This Utah congressman paid a fine for violating rule on stock sales

Rep. Blake Moore said he will disclosure future transactions as required under STOCK act.

(Rick Egan | The Salt Lake Tribune) Rep. Blake Moore, appearing at town hall in June 2021, paid a fine recently for failing to disclose stock trades.

A Utah congressman failed to disclose his stock trades as required by law and has acknowledged paying a fine to the House Committee on Ethics.

Rep. Blake Moore, a freshman Republican, did not file a timely report on more than 70 separate transactions, sometimes being months late, according to a new report from Insider.

Moore acknowledged the misstep and in a statement implied it was due to consolidating his holdings upon taking office. His staff said he transferred 401(k) funds to a Utah management firm, Iron Gate Global Advisors, and that firm hired someone to comply with the requirements for members of Congress.

“Congressman Moore has worked in consultation with the Ethics Committee to meet the requirements of the statutory remedy for late filings,” his office said, “and he paid a late filing fee in full.”

That fee generally starts at $200, Insider reported.

Congress passed what is known as the “STOCK Act” in 2012 to combat potential insider trading by lawmakers. It gives members of Congress 45 days to disclose securities transactions and bans them from using nonpublic information gained through their public position to make a personal profit.

“Most members of Congress comply with the STOCK Act,” said Dave Levinthal, the Insider’s deputy Washington bureau chief, “but one or two members of Congress each month have ended up violating the STOCK Act’s disclosure provisions.”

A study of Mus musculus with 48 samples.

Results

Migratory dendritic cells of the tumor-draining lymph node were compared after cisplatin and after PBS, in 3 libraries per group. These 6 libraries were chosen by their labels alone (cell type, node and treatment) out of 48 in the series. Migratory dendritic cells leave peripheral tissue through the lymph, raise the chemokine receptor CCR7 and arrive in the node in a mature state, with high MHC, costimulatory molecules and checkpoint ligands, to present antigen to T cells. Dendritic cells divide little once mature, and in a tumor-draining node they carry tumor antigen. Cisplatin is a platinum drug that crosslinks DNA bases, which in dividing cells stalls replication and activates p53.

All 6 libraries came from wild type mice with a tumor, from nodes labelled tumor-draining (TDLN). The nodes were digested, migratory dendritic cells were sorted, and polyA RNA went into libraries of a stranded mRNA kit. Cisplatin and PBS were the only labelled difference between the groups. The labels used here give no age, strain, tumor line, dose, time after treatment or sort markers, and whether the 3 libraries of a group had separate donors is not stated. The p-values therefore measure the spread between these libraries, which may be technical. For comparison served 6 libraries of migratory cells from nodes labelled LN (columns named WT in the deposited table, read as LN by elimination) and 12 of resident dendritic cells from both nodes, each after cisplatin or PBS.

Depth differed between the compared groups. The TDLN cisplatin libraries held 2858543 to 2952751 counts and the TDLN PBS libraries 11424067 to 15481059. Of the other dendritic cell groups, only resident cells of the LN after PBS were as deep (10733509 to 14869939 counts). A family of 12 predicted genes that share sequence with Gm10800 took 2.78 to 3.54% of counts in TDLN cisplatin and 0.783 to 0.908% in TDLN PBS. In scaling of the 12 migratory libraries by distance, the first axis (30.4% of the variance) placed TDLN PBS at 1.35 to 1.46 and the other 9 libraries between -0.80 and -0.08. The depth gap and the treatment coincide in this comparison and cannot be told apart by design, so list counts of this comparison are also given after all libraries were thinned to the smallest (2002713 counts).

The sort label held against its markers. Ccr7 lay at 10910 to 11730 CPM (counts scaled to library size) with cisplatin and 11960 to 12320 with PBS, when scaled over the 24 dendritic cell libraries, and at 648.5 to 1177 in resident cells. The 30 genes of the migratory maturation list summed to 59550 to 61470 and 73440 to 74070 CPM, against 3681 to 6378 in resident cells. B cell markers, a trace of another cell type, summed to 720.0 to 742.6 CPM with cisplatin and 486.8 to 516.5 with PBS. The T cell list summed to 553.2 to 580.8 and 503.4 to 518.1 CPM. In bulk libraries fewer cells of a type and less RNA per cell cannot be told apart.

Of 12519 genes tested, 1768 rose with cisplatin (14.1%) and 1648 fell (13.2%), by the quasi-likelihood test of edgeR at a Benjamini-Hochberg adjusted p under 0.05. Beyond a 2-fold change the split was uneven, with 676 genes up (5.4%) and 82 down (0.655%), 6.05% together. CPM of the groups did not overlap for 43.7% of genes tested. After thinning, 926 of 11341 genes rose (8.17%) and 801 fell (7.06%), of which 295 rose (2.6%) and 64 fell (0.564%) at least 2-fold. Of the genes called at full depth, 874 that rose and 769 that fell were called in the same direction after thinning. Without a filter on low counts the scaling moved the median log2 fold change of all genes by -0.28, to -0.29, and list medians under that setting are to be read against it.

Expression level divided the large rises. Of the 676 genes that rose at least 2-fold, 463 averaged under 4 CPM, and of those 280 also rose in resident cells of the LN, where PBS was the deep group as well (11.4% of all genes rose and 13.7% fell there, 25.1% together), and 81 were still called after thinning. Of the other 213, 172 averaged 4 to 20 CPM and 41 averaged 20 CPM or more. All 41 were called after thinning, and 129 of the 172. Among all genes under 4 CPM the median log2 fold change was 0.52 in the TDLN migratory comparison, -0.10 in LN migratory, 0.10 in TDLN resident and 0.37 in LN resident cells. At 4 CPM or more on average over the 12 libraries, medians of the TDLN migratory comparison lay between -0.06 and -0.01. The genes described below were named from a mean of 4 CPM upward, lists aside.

Levinthal said some members, such as Moore, say financial advisers are making trades on their behalf “and that they only have an arm’s-length relationship with their own investments. But the members themselves are ultimately on the hook for following the law.”

Moore filed his only stock report July 17. It listed some transactions going back to February. These reports require financial ranges, and each transaction listed was between $1,000 and $15,000.

Moore made 69 stock purchases during this time and with the reporting ranges those transactions could be worth as little as $69,000 and as much as $1 million. He sold nine stocks, which could be worth $9,000 to $135,000.

Among the stocks Moore bought through Iron Gate are the defense contractor Raytheon. Moore sits on the House Armed Services Committee. He also made multiple stock purchases of Alibaba, the Chinese e-commerce behemoth, along with U.S.-based tech giants, such as Google, Amazon, Apple, Facebook and Microsoft. Moore’s stock purchases included Johnson & Johnson, Berkshire Hathaway and Dollar General.

Moore’s office said now that the congressman has “established a financial compliance process with his firm and the Ethics Committee, he will continue to ensure all future filing deadlines are met.”

The only other Utah member of Congress to file a report on his stock trades is Rep. John Curtis. He bought stock in everything from Valero Energy to T-Mobile, though like Moore he had his eye on tech stocks, buying Google, Apple, Amazon, Adobe, Facebook, Microsoft and Intel.